Breath: The Secret Power Behind Your Voice

Subject: Singing » Vocal Coaching
Last updated: 11/05/2017
Tags: breathing, communication, finding your voice, spoken voice, vocal coaching

“Breathe in.” 

“Take a breath.” 

Asking people to do this tends to result in a heave of the shoulders, a puff up of the chest and suddenly you are confronted by ranks of stiff, soldier-like bodies in front of you who appear not to be breathing at all. To breathe as nature intended is not unnatural to us, it is how we were born, it is how babies and toddlers breathe and is the foundation for all life, movement and voice and is a right we all have. We start off life able to do it easily and simply, but it is something which can be lost for various reasons as we move from childhood to adulthood. Just listen to the sound of a baby crying and understand it is the breath which powers that strong, strident cry. 

To work on a voice, especially for creative, artistic purposes, breathwork is fundamental. And to work on breath, you need to free the body from unnecessary tensions. A spine which is slumped, or which is overly curved can impede and inhibit the free movement of the breathing muscles. A neck which is habitually poking forwards will make it harder for the body to let the breath in and will encourage the muscles in the neck and shoulders and chest to get involved unnecessarily. Often voice coaches encourage people to unpick unhelpful habits which may have been hindering their voices. If we can open up our bodies, encouraging good alignment and create space internally, then we make space for the breath which powers the voice and provides the impulse for movement. 

It is the complex and subtle interplay between breath and the vocal folds housed in the larynx, which creates voice. Too little breath and our voices can be breathy, quiet or unfocused; too much breath and the voice can become strident and harsh and hard to listen to. Of course, it depends on the quality of voice you are looking for, but the need to be in control of the breath is absolute.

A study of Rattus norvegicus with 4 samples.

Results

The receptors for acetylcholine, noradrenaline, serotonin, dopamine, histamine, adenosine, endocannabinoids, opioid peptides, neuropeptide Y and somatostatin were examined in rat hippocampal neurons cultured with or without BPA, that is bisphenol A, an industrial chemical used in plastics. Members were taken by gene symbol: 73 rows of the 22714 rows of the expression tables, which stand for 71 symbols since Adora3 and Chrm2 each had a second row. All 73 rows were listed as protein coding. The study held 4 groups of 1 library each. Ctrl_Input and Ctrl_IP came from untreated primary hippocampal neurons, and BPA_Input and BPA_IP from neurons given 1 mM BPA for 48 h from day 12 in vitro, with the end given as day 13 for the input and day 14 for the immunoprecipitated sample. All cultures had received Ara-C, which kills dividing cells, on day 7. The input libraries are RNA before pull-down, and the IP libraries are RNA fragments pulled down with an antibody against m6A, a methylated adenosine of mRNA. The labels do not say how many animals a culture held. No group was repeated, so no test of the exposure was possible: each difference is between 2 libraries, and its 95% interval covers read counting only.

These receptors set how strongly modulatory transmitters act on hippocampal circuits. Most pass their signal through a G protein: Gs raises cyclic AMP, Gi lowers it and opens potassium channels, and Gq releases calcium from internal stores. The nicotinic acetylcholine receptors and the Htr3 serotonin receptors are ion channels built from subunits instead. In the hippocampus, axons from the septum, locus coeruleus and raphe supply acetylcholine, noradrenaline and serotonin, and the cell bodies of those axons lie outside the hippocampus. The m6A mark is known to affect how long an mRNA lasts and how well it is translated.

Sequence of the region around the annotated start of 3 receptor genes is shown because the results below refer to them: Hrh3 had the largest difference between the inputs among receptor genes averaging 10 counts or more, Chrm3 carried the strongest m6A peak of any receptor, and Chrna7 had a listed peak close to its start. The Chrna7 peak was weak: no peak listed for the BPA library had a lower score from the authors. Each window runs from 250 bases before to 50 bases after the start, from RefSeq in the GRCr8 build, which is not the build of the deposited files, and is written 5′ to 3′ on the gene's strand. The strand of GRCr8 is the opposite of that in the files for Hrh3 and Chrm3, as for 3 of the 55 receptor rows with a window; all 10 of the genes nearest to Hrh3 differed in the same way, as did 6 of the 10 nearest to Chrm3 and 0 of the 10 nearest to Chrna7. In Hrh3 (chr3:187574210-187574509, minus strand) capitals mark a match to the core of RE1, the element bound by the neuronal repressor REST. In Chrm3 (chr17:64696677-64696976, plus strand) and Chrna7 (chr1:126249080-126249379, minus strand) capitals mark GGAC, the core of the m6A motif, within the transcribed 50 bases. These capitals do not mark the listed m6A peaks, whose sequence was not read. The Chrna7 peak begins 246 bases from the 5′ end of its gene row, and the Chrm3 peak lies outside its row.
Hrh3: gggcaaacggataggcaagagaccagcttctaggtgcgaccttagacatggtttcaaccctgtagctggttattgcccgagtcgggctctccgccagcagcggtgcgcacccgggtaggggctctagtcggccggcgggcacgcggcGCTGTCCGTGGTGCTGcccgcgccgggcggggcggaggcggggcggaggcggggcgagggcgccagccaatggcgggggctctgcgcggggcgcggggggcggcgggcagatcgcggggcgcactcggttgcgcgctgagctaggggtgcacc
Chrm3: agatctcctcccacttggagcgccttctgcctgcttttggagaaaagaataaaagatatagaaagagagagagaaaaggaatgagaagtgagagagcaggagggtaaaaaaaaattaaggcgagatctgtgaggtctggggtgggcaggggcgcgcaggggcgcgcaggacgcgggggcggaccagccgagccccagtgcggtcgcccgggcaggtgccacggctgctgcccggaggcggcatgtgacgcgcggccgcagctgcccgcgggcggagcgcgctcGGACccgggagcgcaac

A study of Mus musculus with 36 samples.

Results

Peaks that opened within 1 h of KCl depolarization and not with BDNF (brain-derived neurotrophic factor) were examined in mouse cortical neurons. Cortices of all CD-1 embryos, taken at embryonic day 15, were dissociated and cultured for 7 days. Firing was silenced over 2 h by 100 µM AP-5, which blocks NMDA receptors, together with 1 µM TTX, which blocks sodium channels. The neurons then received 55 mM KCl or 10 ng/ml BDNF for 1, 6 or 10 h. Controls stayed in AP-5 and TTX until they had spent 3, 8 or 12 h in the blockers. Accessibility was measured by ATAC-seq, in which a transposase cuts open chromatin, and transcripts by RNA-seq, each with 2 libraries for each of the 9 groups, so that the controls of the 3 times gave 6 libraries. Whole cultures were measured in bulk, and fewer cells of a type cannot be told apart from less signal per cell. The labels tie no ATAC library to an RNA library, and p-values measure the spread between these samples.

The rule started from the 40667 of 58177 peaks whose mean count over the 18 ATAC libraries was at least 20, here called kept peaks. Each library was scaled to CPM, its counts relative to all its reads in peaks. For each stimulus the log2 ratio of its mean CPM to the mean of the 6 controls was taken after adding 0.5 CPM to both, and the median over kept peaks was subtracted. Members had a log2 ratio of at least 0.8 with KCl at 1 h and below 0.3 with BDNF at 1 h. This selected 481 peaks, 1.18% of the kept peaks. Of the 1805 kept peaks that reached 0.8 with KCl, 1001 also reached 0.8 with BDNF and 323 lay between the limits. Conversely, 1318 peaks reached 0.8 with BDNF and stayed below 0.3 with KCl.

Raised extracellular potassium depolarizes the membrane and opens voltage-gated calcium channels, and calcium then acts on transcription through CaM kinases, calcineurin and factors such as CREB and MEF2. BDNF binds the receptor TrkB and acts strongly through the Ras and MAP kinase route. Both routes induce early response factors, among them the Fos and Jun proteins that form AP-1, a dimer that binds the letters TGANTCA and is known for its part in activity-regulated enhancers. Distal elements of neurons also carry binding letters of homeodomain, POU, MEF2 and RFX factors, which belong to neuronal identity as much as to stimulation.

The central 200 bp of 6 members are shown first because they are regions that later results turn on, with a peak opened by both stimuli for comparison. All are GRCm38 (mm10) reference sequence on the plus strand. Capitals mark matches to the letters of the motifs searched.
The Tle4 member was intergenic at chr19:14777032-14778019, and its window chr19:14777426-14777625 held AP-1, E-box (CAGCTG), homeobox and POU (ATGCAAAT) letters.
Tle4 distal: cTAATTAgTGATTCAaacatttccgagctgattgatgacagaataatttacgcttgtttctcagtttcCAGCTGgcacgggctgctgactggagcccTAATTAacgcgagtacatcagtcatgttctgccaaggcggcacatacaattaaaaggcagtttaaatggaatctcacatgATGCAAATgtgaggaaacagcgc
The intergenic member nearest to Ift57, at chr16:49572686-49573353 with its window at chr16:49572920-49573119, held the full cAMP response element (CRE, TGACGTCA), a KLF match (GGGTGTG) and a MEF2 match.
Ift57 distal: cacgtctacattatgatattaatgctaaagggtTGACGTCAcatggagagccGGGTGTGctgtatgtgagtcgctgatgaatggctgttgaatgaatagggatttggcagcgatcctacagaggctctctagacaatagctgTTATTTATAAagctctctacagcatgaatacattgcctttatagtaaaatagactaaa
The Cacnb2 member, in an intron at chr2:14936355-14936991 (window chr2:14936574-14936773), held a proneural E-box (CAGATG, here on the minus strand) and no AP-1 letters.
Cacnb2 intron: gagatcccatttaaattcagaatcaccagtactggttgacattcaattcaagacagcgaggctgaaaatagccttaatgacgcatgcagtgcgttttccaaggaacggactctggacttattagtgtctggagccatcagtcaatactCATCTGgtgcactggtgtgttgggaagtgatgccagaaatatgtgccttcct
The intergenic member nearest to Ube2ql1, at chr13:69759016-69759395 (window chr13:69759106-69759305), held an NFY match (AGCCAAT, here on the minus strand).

But breathwork is not just fundamental for creative and artistic purposes, but also for everyone.  For the business person facing a difficult meeting, for the parent who needs to make the children listen, for the therapist who needs to listen clearly and objectively, the list goes on...   It is the secret power which everyone can tap into, regardless of training, background or purpose. The most charismatic and truly powerful person in the room, is most likely to be the one who is more in touch with their breathing.

So, tips on breathing as nature intended: sit in a chair, feet flat on the ground, feeling the bum on the seat, let the torso reach up out of the hips. Roll the shoulders round a little, let the crown of the head float up and the back of the neck be long, the front of the neck be soft. Do a secret, silent yawn as if you don’t want anyone else to notice (this opens the throat, allowing air to move unimpeded through the mouth, nose and throat). Place a hand lightly on your belly around or just below your belly button and blow out comfortably through lightly pursed lips. As you blow out, pull the abdominal muscles in towards the spine. When you get to the comfortable end of the out breath (no need to squeeze hard so other parts of the body get involved – still keep that body long and strong), just let the abdominal muscles release, the belly will spring back to its original position and breath will have been drawn into the body with no effort at all. You will have taken a breath with no sense of effort! Keep practising for a few minutes at a time. Notice the sense of calm, of space inside your body, of ease. 

Now add sounds to the breath: start with a sustained fffffff as you pull the abdominal muscles in, then sssssssssss, then shshshshshshshsh. You can move onto vvvvvvvvvv, zzzzzzzzzzzzzz and zhzhzhzhzh (the sound in the middle of “measure”). Then take it onto words – count out loud slowly, allowing an easy breath between each number:  “one” breath “two” breath, “three” breath etc.  Then you can build up, counting “one two” breath “one two three” breath etc.  Then read aloud from a book or presentation with this exact same easy breath between phrases.

Practice, especially when you have a potentially difficult situation coming up which will probably make your breath faster, higher and more shallow.  Practising this type of easy deep  breathing will allow you to tap into the secret power of your breath and help make your voice full, resonant and able to communicate exactly what you want to say.  It’ll make you feel great, too.


Victoria Woodward Vocal Coaching Tutor (North London)

About The Author

I love working with people and their voices in all aspects: learning an accent, preparing for an audition, delivering a presentation, giving a wedding speech - these are all things I can help you with. Looking forward to meeting you.